Legal showdown between Leach, Texas Tech may just be starting
By firing Mike Leach for cause, Texas Tech is not obligated to pay his contract
Texas Tech could argue the coach's actions violate two clauses in his contract
But Leach could contend that Tech violated his rights by firing him prematurely
The legal showdown between football coach Mike Leach and Texas Tech administrators reached a breaking point Wednesday when the university fired Leach for cause, effective immediately. The firing relieves Texas Tech of its remaining financial obligations in Leach's employment contract, which runs through 2013 and sets the stage for Leach to bring a wrongful termination lawsuit against the university.
Leach, who had been suspended by Texas Tech on Monday, has come under fire for his decision to require redshirt sophomore receiver Adam James to stand in an equipment garage while the rest of the team practiced. A son of ESPN analyst and former New England Patriots running back Craig James, James was reportedly recovering from a mild or slight concussion at the time, and speculation persists that Leach disbelieved either the existence or severity of James' injury. James apparently felt humiliated by Leach's decision and that he was being wrongfully punished for having suffered a football-related injury which precluded him from practicing
Leach received notice of his firing only minutes before he was to appear in a Lubbock, Tex., courtroom to seek a temporary restraining order that would have reinstated him as coach. Leach argued that he was suspended without due process and in violation of his contract. The TRO would have restrained Texas Tech from continuing its suspension.
Leach, who reportedly refused Texas Tech's request that he apologize to James, asserted that he received no credible opportunity to present his side of the James story and that he would be personally harmed if not able to coach the Red Raiders in the Alamo Bowl on Jan. 2.
By firing Leach for cause, effectively immediately, Texas Tech relieves itself of any compensation owed to Leach. The "for cause" aspect of the firing is extremely important: it relieves Texas Tech of financial obligation to Leach (though reports indicate that Texas Tech might still pay him a $800,000 payment that will be due Dec. 31). If Leach had been fired without cause -- for instance, if Texas Tech simply felt a coaching change would help the Red Raiders succeed -- he would have been owed $400,000 each year from 2010 to 2013. It is plausible that Leach will seek a wrongful termination claim, among other possible claims, against Texas Tech, seeking to recover not only damages under his employment contract, but also damages for harm to his reputation.
Was Texas Tech legally entitled to fire Leach for cause? In addition to requiring Leach to follow Texas Tech procedures and polices and to provide responsible treatment of players' health, Leach's contract lists the circumstances under which Texas Tech could dismiss him for cause:
1) The commission of a major NCAA violation or an excessive accumulation of secondary violations by Leach.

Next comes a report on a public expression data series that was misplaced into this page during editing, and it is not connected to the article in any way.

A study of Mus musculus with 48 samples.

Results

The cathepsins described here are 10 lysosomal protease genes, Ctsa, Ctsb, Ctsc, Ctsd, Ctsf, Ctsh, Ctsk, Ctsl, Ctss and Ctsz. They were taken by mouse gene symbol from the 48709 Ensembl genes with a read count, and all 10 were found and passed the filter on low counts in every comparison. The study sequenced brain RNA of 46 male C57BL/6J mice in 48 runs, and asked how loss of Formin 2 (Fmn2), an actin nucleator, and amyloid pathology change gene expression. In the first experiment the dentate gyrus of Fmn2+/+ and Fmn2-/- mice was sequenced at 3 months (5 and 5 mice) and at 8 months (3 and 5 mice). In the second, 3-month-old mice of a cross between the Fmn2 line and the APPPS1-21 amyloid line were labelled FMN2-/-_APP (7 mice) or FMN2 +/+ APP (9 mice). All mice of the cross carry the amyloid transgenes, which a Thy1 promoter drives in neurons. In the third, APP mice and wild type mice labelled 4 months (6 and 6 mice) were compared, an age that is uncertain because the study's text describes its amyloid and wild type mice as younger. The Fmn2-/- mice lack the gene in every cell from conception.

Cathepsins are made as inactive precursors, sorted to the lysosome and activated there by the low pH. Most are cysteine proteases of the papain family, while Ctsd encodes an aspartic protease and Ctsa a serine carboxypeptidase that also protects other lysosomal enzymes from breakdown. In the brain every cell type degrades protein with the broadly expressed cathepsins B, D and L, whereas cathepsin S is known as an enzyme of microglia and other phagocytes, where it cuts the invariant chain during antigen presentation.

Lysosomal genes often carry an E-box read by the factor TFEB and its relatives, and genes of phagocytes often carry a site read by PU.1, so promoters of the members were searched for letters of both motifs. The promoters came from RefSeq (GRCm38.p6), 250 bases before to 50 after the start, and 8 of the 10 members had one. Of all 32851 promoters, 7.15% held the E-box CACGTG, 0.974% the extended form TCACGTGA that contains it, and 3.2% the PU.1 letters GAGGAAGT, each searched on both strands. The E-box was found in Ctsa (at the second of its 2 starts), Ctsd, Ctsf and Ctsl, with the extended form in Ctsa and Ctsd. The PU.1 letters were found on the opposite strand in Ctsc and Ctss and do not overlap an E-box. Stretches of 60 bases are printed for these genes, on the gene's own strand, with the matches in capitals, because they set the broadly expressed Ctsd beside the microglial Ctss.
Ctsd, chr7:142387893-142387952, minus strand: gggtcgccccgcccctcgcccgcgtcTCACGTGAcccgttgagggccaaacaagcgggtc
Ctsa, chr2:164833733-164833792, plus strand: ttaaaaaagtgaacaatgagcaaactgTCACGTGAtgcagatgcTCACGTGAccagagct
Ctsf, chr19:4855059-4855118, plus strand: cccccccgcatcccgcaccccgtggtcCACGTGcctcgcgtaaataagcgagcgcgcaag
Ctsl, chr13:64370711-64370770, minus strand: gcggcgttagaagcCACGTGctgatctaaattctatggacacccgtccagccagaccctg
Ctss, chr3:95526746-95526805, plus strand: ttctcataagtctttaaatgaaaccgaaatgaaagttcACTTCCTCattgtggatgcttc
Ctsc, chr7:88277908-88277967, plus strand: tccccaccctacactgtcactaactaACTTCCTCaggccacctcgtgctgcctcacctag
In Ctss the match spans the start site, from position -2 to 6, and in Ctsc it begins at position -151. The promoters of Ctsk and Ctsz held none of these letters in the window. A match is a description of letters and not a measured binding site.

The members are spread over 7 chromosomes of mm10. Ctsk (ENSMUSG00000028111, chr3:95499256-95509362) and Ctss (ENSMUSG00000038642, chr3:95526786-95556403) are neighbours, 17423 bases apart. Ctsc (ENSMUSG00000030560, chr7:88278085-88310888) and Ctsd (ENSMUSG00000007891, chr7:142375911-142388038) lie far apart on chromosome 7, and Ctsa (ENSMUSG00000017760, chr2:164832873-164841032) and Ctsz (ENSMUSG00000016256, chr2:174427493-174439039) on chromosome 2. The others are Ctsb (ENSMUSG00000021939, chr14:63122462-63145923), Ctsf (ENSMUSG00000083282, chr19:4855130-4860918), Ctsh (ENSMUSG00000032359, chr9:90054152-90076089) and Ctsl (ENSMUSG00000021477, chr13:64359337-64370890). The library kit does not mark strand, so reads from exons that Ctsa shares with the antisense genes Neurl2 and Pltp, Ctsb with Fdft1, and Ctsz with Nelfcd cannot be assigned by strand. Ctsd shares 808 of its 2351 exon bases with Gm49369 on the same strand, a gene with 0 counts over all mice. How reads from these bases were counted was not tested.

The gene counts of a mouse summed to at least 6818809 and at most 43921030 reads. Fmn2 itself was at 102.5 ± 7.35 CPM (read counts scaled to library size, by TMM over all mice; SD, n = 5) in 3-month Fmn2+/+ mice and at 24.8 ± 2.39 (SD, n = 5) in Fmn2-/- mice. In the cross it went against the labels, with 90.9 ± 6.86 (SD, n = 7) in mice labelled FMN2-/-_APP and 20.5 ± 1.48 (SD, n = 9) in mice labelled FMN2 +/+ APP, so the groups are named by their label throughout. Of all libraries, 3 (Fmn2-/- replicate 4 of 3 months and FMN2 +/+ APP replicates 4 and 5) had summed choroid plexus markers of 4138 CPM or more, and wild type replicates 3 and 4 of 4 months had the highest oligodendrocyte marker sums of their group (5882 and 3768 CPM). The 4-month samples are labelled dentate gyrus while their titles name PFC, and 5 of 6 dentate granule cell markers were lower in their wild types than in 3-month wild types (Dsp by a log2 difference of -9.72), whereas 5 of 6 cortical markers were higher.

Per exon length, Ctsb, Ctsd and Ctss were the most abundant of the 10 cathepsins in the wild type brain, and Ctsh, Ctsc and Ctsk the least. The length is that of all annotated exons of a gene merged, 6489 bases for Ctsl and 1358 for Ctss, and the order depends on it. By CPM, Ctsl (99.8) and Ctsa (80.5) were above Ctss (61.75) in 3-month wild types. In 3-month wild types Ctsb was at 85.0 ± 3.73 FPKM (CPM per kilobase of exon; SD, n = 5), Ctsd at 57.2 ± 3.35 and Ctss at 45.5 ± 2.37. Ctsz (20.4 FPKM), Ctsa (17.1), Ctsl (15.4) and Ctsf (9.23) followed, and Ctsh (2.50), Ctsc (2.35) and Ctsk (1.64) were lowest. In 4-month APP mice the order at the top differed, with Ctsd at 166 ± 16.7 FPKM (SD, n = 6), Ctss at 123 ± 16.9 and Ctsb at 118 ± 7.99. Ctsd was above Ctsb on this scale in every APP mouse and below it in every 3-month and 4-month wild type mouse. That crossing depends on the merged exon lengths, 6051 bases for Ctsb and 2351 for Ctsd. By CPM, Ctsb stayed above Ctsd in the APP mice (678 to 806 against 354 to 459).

2) Knowingly condoning NCAA violations by any staff member under his direct control.
3) Failure to take appropriate disciplinary action against any staff member committing NCAA violations.
4) Failure to take appropriate disciplinary action against football student-athletes.
5) Indictment for a felony criminal act.
6) A misdemeanor involving moral turpitude.
Worded literally, the six circumstances for cause might not cover Leach's alleged misbehavior. Leach has neither been charged with a felony nor a misdemeanor (Nos. 5 and 6), nor is there any indication that he will be. Even if Leach is eventually sued by James in a civil claim, such as for false imprisonment or intentional infliction of emotional distress, such a claim would not constitute a criminal charge. There is also no indication that Leach failed to take appropriate disciplinary action against football players in this situation (No. 4). Similarly, there are no allegations of major NCAA violations or accumulation of secondary violations (No. 1).
An arguable nexus between James' behavior and the "for cause" stipulations could emerge in Nos. 2 and 3. The NCAA has developed player safety rules that Leach arguably breached when he instructed staff members to isolate Leach. The NCAA is also considering new rules that would demand particularly safe care for players who have suffered concussions. Texas Tech could also refer to more generalized language in the contract requiring Leach to follow university rules and to provide responsible treatment of players' health.
With many disputed facts as to what happened, however, Leach could maintain that it was at best premature for Texas Tech to fire him for cause. Leach might also argue that his firing reflects wrongful retribution because it occurred right before he sought to protect his legal rights in the form of a temporary restraining order.
Potential litigation might extend beyond Leach and Texas Tech. James, for instance, could bring a torts lawsuit against Leach for false imprisonment and intentional infliction of emotional distress and also argue that Texas Tech was vicariously responsible for the coach's actions.
In addition, both the NCAA, which is considering a new rule that would sideline a student-athlete for at least the rest of the day if he or she loses consciousness, and Congress, which recently held hearings to examine the relationship between concussions and playing football, are likely monitoring the Leach-Texas Tech battle with great interest.
Michael McCann is a law professor at Vermont Law School and the distinguished visiting Hall of Fame Professor of Law at Mississippi College School of Law. In the spring of 2010, he will teach a sports law reading group at Yale Law School.